Saturday, May 03, 2008

An obvious refinement

Two posts below I blathered on about LTLT and a caramelized white onion change in the onion confit (and, with the addition of raisins, a recipe heading out of the confit domain and into that of chutney). If LHLT is the method, what better tool than a crock pot? It seems obvious in retrospect, and so I had to try it.

This time, I made a full recipe -- 2 lbs. of onions to start with. We were out of chutney-esqe stuff for garnishing [1] and Vidalia onions (sweet yellow onions from a particular region of Georgia) are in season. And so I thought I’d try caramelizing the onions in the crock pot overnight. Slice & chop, into the pot, stir in some EVOO, cover, and turn on the pot. I let them go about ten hours on low. The limiting factor was that I had to leave for work the next morning, and so I went ahead and added the other ingredients before I left. Notes for future use:
  • next time, start this right when I get home from work so that they have about four more hours to caramelize;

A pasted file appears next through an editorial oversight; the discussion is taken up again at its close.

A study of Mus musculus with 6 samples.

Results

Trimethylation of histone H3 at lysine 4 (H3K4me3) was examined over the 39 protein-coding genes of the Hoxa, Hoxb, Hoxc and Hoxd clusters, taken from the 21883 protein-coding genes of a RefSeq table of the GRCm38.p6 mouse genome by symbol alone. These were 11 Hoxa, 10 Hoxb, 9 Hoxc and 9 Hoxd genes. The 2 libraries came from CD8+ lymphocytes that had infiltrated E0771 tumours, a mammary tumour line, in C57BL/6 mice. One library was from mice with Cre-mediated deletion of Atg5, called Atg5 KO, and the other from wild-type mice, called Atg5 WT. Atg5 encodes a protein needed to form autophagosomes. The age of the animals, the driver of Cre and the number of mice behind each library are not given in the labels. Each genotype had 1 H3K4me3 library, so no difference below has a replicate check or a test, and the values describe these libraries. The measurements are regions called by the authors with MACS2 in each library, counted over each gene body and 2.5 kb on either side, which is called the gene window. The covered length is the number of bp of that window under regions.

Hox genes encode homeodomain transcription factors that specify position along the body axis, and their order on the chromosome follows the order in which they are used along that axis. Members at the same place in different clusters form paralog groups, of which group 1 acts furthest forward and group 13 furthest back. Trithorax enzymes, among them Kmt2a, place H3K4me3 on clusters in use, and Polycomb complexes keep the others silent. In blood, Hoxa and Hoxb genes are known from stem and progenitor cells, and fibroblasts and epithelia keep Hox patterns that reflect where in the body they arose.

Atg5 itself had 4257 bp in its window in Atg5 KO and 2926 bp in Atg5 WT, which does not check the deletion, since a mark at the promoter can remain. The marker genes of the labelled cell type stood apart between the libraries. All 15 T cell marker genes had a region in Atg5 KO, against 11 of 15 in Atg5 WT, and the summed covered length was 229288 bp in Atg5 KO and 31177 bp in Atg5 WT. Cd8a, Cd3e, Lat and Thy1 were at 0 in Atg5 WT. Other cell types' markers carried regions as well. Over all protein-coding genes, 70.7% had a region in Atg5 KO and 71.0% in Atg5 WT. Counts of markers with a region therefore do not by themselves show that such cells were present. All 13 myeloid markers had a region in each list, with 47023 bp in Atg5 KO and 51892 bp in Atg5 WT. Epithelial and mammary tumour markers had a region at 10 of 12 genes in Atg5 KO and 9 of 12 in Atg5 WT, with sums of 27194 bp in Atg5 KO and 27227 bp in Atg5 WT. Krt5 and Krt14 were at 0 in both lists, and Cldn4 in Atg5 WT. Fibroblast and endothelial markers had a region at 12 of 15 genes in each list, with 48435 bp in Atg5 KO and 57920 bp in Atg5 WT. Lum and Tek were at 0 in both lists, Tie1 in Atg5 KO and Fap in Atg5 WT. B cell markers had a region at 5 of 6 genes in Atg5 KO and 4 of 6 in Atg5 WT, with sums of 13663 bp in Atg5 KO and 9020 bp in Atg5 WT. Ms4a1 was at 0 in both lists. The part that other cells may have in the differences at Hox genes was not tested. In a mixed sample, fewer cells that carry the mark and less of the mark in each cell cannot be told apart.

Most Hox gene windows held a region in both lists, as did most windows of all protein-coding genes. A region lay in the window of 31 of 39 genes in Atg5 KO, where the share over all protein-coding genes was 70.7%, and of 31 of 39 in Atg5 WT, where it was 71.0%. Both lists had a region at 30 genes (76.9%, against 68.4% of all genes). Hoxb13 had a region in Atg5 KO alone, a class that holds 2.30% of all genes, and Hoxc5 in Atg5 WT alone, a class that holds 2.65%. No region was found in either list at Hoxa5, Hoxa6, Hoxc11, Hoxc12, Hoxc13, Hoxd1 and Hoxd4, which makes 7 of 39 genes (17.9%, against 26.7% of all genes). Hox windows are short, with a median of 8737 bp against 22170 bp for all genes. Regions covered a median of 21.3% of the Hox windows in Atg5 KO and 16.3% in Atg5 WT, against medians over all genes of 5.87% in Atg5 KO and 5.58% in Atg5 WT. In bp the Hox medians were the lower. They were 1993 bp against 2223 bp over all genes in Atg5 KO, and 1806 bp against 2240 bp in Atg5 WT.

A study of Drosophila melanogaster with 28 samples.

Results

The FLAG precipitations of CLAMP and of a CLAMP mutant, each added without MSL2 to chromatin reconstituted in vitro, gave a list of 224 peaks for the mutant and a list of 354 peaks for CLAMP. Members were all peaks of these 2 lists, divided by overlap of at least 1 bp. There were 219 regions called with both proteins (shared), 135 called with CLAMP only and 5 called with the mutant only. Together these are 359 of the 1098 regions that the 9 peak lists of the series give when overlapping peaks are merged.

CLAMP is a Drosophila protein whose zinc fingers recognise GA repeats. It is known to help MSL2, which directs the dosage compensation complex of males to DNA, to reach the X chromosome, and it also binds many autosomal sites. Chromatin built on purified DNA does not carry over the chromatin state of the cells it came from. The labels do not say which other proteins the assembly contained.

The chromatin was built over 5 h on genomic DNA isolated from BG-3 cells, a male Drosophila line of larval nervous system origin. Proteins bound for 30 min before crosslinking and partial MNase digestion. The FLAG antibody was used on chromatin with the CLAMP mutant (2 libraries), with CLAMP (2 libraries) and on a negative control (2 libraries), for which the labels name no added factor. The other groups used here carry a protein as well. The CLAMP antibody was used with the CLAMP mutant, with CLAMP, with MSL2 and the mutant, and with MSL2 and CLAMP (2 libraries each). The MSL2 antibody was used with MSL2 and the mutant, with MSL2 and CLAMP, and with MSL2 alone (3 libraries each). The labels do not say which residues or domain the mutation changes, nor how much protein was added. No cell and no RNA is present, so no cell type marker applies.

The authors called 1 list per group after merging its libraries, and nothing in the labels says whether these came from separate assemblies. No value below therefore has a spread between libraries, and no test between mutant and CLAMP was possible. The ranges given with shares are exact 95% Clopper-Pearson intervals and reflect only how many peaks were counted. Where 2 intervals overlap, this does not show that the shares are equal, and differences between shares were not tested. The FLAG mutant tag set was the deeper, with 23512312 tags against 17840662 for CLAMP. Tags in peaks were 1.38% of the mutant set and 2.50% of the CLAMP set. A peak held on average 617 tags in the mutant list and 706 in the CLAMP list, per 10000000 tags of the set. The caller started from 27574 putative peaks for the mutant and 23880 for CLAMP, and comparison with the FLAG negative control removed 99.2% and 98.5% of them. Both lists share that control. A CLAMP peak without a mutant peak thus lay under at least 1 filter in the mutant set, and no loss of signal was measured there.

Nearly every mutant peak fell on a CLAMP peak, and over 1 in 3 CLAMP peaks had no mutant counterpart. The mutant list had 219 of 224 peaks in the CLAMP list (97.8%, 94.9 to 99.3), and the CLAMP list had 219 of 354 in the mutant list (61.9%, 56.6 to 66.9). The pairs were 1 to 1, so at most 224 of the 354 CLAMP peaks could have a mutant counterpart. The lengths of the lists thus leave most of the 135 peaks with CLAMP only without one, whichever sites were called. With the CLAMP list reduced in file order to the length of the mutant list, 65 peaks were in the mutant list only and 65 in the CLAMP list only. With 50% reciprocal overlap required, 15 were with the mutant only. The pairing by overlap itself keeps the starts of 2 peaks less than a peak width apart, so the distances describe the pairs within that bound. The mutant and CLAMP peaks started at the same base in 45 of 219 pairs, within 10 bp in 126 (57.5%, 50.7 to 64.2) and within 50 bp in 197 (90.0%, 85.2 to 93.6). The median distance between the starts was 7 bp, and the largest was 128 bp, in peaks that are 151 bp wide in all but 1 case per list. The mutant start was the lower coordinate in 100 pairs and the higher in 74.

• use butter instead of EVOO; and
  • if the onions are just going to be used as caramelized onions per se, just do them in a large cast iron pot and keep stirring. (Music and a decent single malt will enhance the experience.)
Anyway, after about ten hours of cooking down, I added the tawny, white balsamic, honey, and raisins. I stirred it up, put the cover back on, and went to work. When I got home, I gave it a taste to see what I needed to add (nothing, this time), left the cover off, and turned the pot to high to start reducing the mixture. After 8 hours, it was almost thick enough. I think ten would have done the trick.

So the upshot is this: if I don't have the time to supervise, or if (like yesterday) there is a lot of other cooking that needs to happen and a chunk of the stove can’t be spared, the crock pot is a good solution. But it needs much more time than I originally thought. And the flavor of the caramelized onions is more intense if done more quickly over the stove.

BTW, the recipe cooked down to three pints (one quart jar, one pint jar). This would obviously be less if I let it reduce further.


[1] Or so I had thought. While I was simmering down the confit (or whatever it is), I asked SWMBO about a couple of plastic containers in the fridge. Turns out, one is an apple chutney. The other is also definitely in the chutney family, and much more sub-continent by the taste o it, but neither of us can remember what went into the making of it. So we're apparently set for chutneys at the moment, having a sweet apple chutney, and earthy onion confit, and some sort of curried chutney. Now we just have to cook things to put them on.